I am seeking information on how to help the docents do things differently and to urge them to accept a change in a tour that has been intact for about 15 years.
When I'm making change with volunteers, I ask myself these questions:
I am the new Volunteer Coordinator here. I oversee a large number of great volunteers. My supervisor wants me to create a Volunteer Recognition Program, e.g., volunteer of the month. I am not sure that this would be the best idea. How do you pick out one person each month without upsetting everybody else? Do you have some ideas for alternatives that would please everybody?
Personally, I don't favor singling out one volunteer for recognition for all the obvious reasons. But having said that, I believe that it can work ONLY when there is quantifiable, objective criteria such as number of hours worked, number of tickets sold, money raised, etc. (This assumes that there is a system in place at your organization to track such things accurately.) The risk of recognizing only one individual monthly is that it sets up artificial competition that's contrary to the purpose of recognition (to recognize ALL volunteers for the time and talents they contribute). Competition can also easily lead to volunteers forgetting about how important it is to accomplish an organization's mission and focusing instead on the numbers required to receive the monthly "award." I know many organizations have monthly or annual awards, but I personally vote for recognizing volunteer leaders and all volunteers in appropriate ways.
Another idea to consider is to develop a recognition plan, which contains specific strategies to recognize volunteers in a variety of ways and under a variety of circumstances. Your plan would be a yearlong outline of recognition activities (birthday cards, newsletter features, personal notes, letter from Executive Director, etc.) and events (recognition luncheon, party, behind-the-scenes tour, etc.) that you undertake to ensure that volunteers are recognized in a consistent manner. A plan would also involve creating a budget to support it.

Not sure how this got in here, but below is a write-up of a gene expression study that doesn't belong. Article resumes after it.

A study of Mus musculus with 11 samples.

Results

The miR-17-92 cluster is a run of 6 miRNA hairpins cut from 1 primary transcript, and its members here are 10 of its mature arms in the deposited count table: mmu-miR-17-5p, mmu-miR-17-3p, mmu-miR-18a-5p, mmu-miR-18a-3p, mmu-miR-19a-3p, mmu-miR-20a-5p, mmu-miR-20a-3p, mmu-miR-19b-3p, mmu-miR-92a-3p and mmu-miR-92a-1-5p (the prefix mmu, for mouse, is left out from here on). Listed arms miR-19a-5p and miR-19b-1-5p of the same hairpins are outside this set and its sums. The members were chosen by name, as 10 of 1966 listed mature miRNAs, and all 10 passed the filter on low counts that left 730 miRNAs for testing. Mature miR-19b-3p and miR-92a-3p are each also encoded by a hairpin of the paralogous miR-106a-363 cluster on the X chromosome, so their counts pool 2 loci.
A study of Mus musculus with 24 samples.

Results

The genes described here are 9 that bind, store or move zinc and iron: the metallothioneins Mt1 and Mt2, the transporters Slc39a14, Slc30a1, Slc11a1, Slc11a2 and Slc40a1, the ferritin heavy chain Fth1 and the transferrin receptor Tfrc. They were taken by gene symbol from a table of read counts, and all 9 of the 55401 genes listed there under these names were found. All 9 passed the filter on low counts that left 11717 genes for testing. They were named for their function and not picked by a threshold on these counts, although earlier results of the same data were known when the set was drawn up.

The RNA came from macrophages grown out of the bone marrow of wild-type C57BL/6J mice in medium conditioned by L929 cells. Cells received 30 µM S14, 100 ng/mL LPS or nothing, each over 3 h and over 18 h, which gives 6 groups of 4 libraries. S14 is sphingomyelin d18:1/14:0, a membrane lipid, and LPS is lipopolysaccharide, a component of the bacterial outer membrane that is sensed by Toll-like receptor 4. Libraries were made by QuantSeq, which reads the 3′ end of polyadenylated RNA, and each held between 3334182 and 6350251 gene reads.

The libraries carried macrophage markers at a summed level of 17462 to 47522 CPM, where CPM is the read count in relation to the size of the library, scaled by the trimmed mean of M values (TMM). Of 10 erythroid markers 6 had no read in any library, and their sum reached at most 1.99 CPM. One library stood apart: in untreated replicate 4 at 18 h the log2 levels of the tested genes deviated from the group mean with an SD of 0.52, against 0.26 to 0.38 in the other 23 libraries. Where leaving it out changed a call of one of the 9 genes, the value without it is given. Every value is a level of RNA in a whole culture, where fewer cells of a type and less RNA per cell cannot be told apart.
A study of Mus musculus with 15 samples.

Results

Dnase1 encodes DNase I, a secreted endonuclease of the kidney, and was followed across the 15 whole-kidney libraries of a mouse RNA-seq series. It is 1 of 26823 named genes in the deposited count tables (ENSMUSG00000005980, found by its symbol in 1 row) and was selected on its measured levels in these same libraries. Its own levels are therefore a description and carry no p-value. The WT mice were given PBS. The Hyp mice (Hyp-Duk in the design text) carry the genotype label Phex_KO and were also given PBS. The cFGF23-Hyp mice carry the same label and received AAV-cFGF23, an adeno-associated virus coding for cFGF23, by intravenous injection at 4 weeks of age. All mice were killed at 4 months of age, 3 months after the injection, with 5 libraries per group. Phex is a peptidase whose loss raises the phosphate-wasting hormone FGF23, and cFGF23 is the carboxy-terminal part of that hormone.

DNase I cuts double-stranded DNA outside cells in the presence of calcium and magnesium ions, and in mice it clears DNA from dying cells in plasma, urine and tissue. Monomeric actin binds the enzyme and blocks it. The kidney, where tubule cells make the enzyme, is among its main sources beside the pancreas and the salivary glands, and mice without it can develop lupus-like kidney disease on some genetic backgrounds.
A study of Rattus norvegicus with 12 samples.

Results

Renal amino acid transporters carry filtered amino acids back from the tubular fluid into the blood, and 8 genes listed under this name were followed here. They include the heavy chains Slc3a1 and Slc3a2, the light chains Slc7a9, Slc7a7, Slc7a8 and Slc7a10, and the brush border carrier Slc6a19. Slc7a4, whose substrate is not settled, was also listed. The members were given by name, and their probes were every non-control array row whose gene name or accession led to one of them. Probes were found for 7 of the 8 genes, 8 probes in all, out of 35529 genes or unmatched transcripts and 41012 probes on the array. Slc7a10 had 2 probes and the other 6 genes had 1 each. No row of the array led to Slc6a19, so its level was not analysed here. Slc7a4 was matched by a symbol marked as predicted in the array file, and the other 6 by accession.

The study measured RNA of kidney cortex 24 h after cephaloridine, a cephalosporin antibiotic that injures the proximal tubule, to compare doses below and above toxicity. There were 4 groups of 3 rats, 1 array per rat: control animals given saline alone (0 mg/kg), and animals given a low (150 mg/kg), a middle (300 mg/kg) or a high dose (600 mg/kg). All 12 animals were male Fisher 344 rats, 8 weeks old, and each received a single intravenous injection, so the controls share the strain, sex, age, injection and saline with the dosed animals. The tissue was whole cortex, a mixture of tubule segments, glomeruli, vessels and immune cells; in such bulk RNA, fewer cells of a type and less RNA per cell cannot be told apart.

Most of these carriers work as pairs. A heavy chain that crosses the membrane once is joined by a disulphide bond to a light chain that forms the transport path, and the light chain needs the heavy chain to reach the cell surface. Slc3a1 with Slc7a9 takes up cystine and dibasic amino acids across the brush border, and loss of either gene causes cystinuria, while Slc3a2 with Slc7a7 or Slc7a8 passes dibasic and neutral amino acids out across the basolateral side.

There are many excellent books on recognition available at the Volunteer Today Bookstore and at Energize, Inc. Browse through both bookstores and take your pick from "Recognizing Volunteers and Paid Staff: The Art, The Science, and a Gazillion Ideas!" (VT site) to "77 Ways to Recognize Volunteers" (Energize site).
Is there a law in California that states we must provide Workers Comp to our volunteers? What kind of liability is there using volunteers and how does an agency protect itself?
I don't know about specific California law, but in my experience Workers Comp laws don't generally apply to volunteers because they aren't salaried "workers." Most nonprofit organizations have umbrella liability insurance that covers all staff, board, and volunteers against liability that might occur in the course of performing their duties for the organization. For more information on risk management issues involving volunteers, check out the Nonprofit Risk Management Center. Be sure to read the free article/tutorial on Volunteer Risk Management. The link to it is in the extreme right column about halfway down the home page. There are many good resources at this site and I encourage you to take advantage of them.
Connie Pirtle, of Strategic NonProfit-Resources, has 15 years' experience in working with volunteers. She has consulted and/or trained for such organizations as the Washington National Cathedral, Anchorage Symphony Orchestra, Chamber Music America, and the Association for Volunteer Administration.